Charming Alumni Review article.

“Composing a Life: Finding Success and Balance in Life After Williams” [is] a Winter Study course that since 1996 has asked students to approach their future careers from the perspective of the kind of life they seek. In the end, it’s as much about posing questions as it is about finding answers.

“Composing a Life” is the brainchild of Chip and Michele Moeller Chandler, both Class of 1972, who designed the course around lessons learned in their own lives.

Case studies and lectures are further supported by readings that run the gamut from wry contemporary philosopher Alain de Botton (The Consolations of Philosophy) to popular New York Times columnist Thomas Friedman (The World is Flat) to bestselling author Peggy Orenstein (Flux: Women on Sex, Work, Kids, Love, and Life in a Half-Changed World), not to mention past convocation addresses by Toby Cosgrove ’62 and Glenn Lowry ’76. The unique, Williams-specific flavor of “Composing a Life” is reflected in an assignment requiring students to peruse class notes from past Williams alumni magazines and circle lives they find appealing. Students then are asked to consider what appeals to them about these people, what the common aspects of their lives are and what can be learned from their stories.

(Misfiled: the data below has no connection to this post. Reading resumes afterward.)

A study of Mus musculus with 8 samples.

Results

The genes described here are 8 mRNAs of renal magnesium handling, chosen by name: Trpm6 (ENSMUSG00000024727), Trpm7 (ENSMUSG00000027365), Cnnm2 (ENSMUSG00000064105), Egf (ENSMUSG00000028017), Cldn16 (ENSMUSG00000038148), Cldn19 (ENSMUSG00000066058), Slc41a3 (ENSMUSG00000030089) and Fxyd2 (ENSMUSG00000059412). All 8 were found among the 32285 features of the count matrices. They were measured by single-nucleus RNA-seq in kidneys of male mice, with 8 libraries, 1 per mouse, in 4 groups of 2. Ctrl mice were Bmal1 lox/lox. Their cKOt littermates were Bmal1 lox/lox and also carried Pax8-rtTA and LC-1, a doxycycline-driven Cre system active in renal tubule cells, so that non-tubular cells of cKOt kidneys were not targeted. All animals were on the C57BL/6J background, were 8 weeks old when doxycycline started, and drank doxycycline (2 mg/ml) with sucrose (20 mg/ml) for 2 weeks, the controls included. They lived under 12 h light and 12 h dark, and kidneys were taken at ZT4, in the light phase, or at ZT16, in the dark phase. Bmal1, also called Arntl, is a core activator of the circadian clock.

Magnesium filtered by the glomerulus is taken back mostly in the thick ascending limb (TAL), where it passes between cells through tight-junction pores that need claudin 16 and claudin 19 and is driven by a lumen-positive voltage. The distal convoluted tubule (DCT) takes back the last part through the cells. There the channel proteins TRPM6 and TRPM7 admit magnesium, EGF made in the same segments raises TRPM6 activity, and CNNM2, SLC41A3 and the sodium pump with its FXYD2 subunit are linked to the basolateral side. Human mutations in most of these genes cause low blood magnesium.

The course concludes with a 10-page paper based on field interviews with adults of the students’ choosing as well as their own reflections on the course. Some talk to their own parents, while others reach out to friends, professors, mentors or community leaders.

Great stuff. The Chandlers ought to put the syllabus and readings on-line, along with some of the best papers. Perhaps we should collaborate with them on next year’s CGCL.